In 2010 the Christian Reformed Church synod called on the CRC to “advocate for laws that will mandate the just and humane treatment of immigrant peoples” and to speak out on behalf of those in detention, facing deportation, or living and working in fear.
On Sept. 5, President Trump announced an end to Deferred Action for Childhood Arrivals (DACA), an Obama-era program that gave work permits and temporary protection from deportation to roughly 800,000 young immigrants who had been brought to the U.S. without having legal status.
When President Obama announced the program, he called on Congress to enact a lasting solution for Dreamers, which the president lacked the power to achieve. Critics of DACA called the executive action unconstitutional; advocates for Dreamers also criticized it for lacking permanence and exposing young immigrants’ lack of legal status without a guarantee of long-term protections.
But Congress has failed to take on this issue. Now, without the protections DACA offers, Congress is the best hope for Dreamers. Unless Congress acts within the next six months, DACA recipients will lose their jobs and could be deported.
Members of the CRC, troubled by this threat, are calling on Congress to enact the bipartisan Dream Act of 2017. The Office of Social Justice (OSJ), mandated by synod to work toward “increased opportunities for immigrants to gain legal status,” is providing education and opportunities for church members to be in direct contact with their lawmakers.
Instead of the temporary protection that DACA offered, the new Dream Act would give lawful permanent residence to those who meet its work and education criteria and eventually an opportunity for citizenship to those who wish to pursue it.
Liz Balck Monsma, a Grand Rapids, Mich. attorney who has provided legal services to many DACA applicants, says, “Unless our laws change, most children who were brought to the U.S. unlawfully will have no way to gain legal status. If they could have applied for a green card over the last five years, they would have. There is a pervasive myth that undocumented immigrants can simply ‘get their papers in order' if they wish to — but this is not true for DACA recipients or for the majority of the nation’s undocumented immigrants.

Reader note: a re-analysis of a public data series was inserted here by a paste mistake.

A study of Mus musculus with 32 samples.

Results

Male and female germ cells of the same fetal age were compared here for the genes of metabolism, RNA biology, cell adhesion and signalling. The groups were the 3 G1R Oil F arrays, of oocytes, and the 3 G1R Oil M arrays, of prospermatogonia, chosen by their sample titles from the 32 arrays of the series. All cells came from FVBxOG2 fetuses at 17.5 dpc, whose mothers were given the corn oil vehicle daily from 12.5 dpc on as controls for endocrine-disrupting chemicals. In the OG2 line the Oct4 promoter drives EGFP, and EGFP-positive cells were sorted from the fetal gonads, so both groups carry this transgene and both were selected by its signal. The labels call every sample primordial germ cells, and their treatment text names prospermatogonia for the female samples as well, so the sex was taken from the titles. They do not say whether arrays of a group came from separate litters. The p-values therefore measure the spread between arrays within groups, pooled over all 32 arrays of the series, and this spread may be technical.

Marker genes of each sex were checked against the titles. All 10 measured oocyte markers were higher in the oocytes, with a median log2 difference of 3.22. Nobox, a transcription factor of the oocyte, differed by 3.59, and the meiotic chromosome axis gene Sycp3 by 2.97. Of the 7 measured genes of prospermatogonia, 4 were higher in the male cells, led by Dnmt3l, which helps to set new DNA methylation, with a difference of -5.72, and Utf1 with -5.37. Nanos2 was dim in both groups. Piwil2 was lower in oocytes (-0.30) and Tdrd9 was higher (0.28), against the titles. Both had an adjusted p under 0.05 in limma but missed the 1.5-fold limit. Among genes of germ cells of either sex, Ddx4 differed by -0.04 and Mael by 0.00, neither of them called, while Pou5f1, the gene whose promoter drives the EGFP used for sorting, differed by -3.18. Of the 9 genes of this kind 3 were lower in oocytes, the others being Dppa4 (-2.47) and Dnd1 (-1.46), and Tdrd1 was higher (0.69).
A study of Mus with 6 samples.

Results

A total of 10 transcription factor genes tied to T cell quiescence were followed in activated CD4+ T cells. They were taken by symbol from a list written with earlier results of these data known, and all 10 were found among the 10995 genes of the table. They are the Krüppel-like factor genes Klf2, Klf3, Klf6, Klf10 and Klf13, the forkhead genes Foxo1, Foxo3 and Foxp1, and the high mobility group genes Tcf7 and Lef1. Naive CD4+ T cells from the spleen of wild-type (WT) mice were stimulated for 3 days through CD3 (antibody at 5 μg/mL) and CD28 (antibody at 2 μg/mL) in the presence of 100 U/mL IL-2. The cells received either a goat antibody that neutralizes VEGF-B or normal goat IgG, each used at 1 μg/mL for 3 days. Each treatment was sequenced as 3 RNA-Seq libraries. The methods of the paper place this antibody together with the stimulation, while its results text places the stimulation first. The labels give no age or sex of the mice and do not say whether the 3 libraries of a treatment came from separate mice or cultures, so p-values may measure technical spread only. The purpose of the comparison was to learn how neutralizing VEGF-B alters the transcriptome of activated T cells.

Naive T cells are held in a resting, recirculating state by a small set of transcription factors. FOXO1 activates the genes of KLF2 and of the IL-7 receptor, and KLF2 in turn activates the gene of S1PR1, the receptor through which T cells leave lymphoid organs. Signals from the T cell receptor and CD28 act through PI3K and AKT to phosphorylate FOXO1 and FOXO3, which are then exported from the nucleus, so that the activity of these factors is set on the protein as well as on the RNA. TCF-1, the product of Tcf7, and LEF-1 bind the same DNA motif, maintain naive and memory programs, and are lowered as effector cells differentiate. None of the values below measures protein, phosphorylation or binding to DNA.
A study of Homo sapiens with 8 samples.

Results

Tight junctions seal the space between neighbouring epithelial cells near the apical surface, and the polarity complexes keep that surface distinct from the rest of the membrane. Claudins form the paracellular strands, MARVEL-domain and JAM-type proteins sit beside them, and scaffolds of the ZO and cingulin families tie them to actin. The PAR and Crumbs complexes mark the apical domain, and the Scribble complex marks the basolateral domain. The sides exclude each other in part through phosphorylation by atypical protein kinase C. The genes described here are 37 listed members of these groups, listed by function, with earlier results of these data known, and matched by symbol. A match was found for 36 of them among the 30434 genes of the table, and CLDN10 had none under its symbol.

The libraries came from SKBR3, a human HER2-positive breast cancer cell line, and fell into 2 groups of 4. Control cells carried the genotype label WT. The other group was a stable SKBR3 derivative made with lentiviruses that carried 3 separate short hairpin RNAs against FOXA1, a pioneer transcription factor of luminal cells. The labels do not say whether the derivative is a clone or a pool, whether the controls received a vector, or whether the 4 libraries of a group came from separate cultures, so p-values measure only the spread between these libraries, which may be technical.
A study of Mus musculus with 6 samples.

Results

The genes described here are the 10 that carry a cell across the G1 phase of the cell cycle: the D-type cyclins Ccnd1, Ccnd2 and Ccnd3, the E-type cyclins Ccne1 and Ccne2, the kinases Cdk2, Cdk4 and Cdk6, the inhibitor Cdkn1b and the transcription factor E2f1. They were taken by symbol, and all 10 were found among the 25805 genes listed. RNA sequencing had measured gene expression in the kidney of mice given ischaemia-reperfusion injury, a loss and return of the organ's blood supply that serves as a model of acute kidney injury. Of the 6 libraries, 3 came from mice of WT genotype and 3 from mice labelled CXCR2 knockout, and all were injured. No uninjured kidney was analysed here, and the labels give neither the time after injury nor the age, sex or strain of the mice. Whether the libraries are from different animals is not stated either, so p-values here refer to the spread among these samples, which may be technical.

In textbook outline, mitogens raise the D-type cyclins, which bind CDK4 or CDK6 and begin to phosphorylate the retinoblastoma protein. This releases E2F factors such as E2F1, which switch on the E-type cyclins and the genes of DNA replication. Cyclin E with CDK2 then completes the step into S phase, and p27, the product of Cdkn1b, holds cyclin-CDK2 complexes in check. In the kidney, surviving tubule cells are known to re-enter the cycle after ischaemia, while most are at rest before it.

“For so many young DACA recipients, who have known only this country as their home, the threat of deportation to a country they do not know is devastating.”
This isn’t the CRC’s first time advocating for the Dream Act. A similar version passed through the U.S. House of Congress in the fall of 2010.
The OSJ’s Kate Kooyman recalls when she and other CRC members had several meetings and phone calls with U.S. Representative Vern Ehlers, their Republican congressman for West Michigan, about the issue of legal status for Dreamers. They urged him to support opportunities for legalization and explained their perspective as Christians.
Ehlers was reportedly undecided on the Dream Act but ultimately voted in favor of its passage. The bill passed the House but failed in the Senate in 2010. Kooyman says, “We’ve been asking for a long-term solution for almost a decade — and Congress could have done it all this time. When DACA was announced, it was clearly a short-term, ‘band-aid’ solution. So we didn’t cheer; we asked for the Dream Act.”
Because of the history of the Dream Act repeatedly failing in Congress, many immigrant advocates have grave concerns regarding President Trump’s ending of DACA without a clear path forward. Others hope the six-month deadline will encourage a long-term solution to be achieved.
Kelsey Herbert, immigration mobilizer for the CRC’s Office of Social Justice, says, “Rescinding the program without legislation in place puts the burden of an unknown future squarely on young immigrants. If we see this from their perspective — the ones most affected by this — then rescinding DACA is devastating. I hope Congress does now feel the urgency to solve this longstanding problem. I think it’s unfortunate that young immigrants had to be placed in this incredibly stressful situation for Congress to finally feel it.”
Danielle Chun, OSJ Mobilizing and Advocacy Fellow, adds, “We would like to see the President use his influence to encourage members of Congress to pass a clean Dream Act in both chambers by the end of the year.”
Christy Carlin Knetsch, a youth director at Madison Square CRC, Grand Rapids, Mich., said that she plans to share OSJ’s advocacy resources with her congregation. “The CRC has students and young professionals in our congregations whose lives changed when they received DACA. And now their hopeful future is under threat.
“That is a threat to all of us, because this injustice is connected to the flourishing of everyone in our communities. So we pray, and we bear one another's burdens, and those of us who have it will use the power of our citizenship to demand that immigrants — like all of God's people — are treated with dignity."